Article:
What I Learned from Working with Deceased Soviet Historians

What I Learned from Working with Deceased Soviet Historians

Cross-posted from Broadstreet, a blog devoted to historical political economy.

Broadstreet readers may know that Jeff and Jared are editing an Oxford Handbook of Historical Political Economy. Tracy and I have committed to writing a chapter on “HPE in History and the Social Sciences” that elaborates on various earlier contributions on the relationship between these two component parts of the field. A particular focus is the possibility of collaboration between historians and social scientists—a theme that Tracy took up in a recent post.

Let me confess at the outset that I have never myself written with historians—or at least had not until Tracy and I began working on this chapter. And yet, at some level, I have spent much of the past decade laboring alongside a collective of Soviet historians—all or nearly all deceased, but present in my research life nonetheless. It was these historians, working during the Khrushchev Thaw, who assembled the chronicle of the peasant movement in nineteenth-century Russia that Eugene Finkel, Tricia Olsen, and I first digitized, and that Dmitrii Kofanov has now extended.

A typical chronicle entry

From a social scientist’s perspective, it was nearly the ideal interdisciplinary collaboration. The archival work on which the chronicle is based is well beyond the reach of the best funded social scientists. It takes a historian’s understanding of sources to pull together even a single entry in the historical record, such as that depicted here. Where does one begin to look for mentions of peasants refusing to plow their fallow fields in response to the loss of land following emancipation? What records does one investigate to corroborate such evidence? How does one understand the incentives of those who recorded such information? These are the skills of a historian—or, in this case, a five-year plan’s worth of historians.

And yet, it is hard to know what to make of this mountain of evidence, without some exercise in aggregation. The authors of the chronicle attempted something along these lines, with tables in the final volume that summarized events in cross-tabular form. The resulting counts (e.g., by region and year) are the sort of “raw data” that I have seen used in a few papers, including my separate work with Finkel and Kofanov on rural unrest during the 1917 Russian Revolution. It’s better than nothing, but it is not the same thing as being able to aggregate up from the original chronicle entries.

By way of example, consider those same accounts of nineteenth-century peasant rebellion. Some of these are quite substantial, involving multiple estates and thousands of participants. Others are more isolated acts of resistance—not quite weapons of the weak, but the sort of thing that would have flown below the radar, if not for the idiosyncratic presence of a local observer. One wants to ensure that any statements about temporal or geospatial patterns of peasant rebellion are not sensitive to the inclusion of such “small” events. Hence the importance of the raw event data: we can check robustness to counts of “large” events only.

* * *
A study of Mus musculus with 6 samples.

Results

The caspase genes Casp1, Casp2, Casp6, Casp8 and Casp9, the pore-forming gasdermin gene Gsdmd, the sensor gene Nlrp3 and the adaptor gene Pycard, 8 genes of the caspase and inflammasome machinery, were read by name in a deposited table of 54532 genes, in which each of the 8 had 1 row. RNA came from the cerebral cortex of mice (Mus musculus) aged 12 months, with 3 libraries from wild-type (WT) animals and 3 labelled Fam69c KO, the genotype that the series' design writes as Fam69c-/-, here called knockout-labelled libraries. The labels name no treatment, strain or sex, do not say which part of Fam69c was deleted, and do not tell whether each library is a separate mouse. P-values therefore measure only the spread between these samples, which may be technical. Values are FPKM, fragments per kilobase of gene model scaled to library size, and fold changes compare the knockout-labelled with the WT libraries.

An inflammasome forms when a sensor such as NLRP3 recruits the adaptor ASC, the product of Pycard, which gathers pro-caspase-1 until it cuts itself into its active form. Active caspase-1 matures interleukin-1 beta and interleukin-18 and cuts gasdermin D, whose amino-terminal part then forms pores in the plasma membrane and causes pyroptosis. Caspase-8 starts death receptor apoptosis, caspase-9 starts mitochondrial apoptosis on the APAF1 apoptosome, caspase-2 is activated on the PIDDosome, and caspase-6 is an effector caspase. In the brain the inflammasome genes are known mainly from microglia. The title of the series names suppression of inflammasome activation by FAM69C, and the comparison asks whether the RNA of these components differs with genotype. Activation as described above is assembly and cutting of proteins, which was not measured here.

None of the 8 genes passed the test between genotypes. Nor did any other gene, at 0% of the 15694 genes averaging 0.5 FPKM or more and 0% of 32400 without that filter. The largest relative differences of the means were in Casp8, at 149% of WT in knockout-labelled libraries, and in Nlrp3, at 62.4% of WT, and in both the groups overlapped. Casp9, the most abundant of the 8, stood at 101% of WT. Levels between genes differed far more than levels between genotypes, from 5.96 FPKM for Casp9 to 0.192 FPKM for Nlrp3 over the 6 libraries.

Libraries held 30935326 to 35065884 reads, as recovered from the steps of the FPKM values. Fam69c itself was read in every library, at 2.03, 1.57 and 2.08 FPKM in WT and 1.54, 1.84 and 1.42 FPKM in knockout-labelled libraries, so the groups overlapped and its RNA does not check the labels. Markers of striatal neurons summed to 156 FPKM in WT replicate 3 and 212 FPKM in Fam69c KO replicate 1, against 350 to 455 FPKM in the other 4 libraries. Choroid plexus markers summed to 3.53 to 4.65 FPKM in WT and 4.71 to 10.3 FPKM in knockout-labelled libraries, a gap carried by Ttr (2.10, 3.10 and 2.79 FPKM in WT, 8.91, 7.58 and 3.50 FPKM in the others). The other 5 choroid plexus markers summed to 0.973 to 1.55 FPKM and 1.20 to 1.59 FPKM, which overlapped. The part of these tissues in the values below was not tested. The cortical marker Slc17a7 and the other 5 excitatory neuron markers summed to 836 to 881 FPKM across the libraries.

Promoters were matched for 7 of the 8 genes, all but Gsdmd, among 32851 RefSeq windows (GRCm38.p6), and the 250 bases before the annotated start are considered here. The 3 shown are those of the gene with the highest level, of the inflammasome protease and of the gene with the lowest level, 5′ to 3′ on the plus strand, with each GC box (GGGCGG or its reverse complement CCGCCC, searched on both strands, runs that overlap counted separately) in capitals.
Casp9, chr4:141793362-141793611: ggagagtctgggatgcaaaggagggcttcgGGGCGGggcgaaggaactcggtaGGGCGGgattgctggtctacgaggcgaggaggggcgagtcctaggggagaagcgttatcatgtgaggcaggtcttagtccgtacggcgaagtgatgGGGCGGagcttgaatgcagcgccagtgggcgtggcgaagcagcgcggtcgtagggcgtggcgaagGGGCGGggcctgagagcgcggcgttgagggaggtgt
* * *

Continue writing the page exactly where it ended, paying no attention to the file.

Aggregating up from the raw event data can also address other forms of measurement error. A particular concern of our work is the relative incidence of unrest among serfs and “state peasants” (peasants who lived on state lands) before and after Tsar Alexander II’s emancipation of the serfs in 1861. As part of the emancipation process, “peace arbitrators” (Leo Tolstoy was one) were tasked with negotiating settlements between landowners and former serfs. It is conceivable that acts of peasant rebellion during this period would have been better documented on estate lands than on state land, given the temporary presence of peace arbitrators on the former but not the latter. Thankfully, the Soviet historians who assembled the event data we digitized were meticulous about documenting the archives on which each chronicle entry is based (these are listed at the end of the entry depicted above). As an alternative aggregation, we therefore restrict attention to events drawn from the Central State Archive of the October Revolution (TsGAOR), which are primarily disturbances recorded by the tsarist political police—that is, not peace arbitrators.

I could go on. The picture of peasant rebellion that emerges from this collaboration is more complete, the conclusions more confident, than would have been possible had the project ended in the 1960s. Still, this is not full interdisciplinarity. The Soviet historians working during the Khrushchev Thaw were writing for other historians. We were writing mostly for other social scientists. The two groups are separated by theory and method as well as by generations.

Nonetheless, in this experience there is the seed of a model that could support interdisciplinary collaboration in real time. One can imagine teams of historians and social scientists teaming up to identify, digitize, and analyze archival records. Historians’ sensitivity to sources would impart meaning to those documents that are collected. Social scientists’ comfort with data would serve to summarize that information in useful ways. The motivating questions would be substantially distinct, but through collaboration there might be some convergence of interests.

Such collaboration would not be easy, for reasons that Tracy summarizes in her earlier post, but at least in my corner of the world much of the groundwork has been laid. Interdisciplinary workshops have familiarized historians and social scientists with each other’s work. The GIS revolution in history has opened the door to digital methods. Not least, the development of historical political economy as a field has validated the study of the past for a new generation of social scientists. There is an opportunity here, for those who would seize it.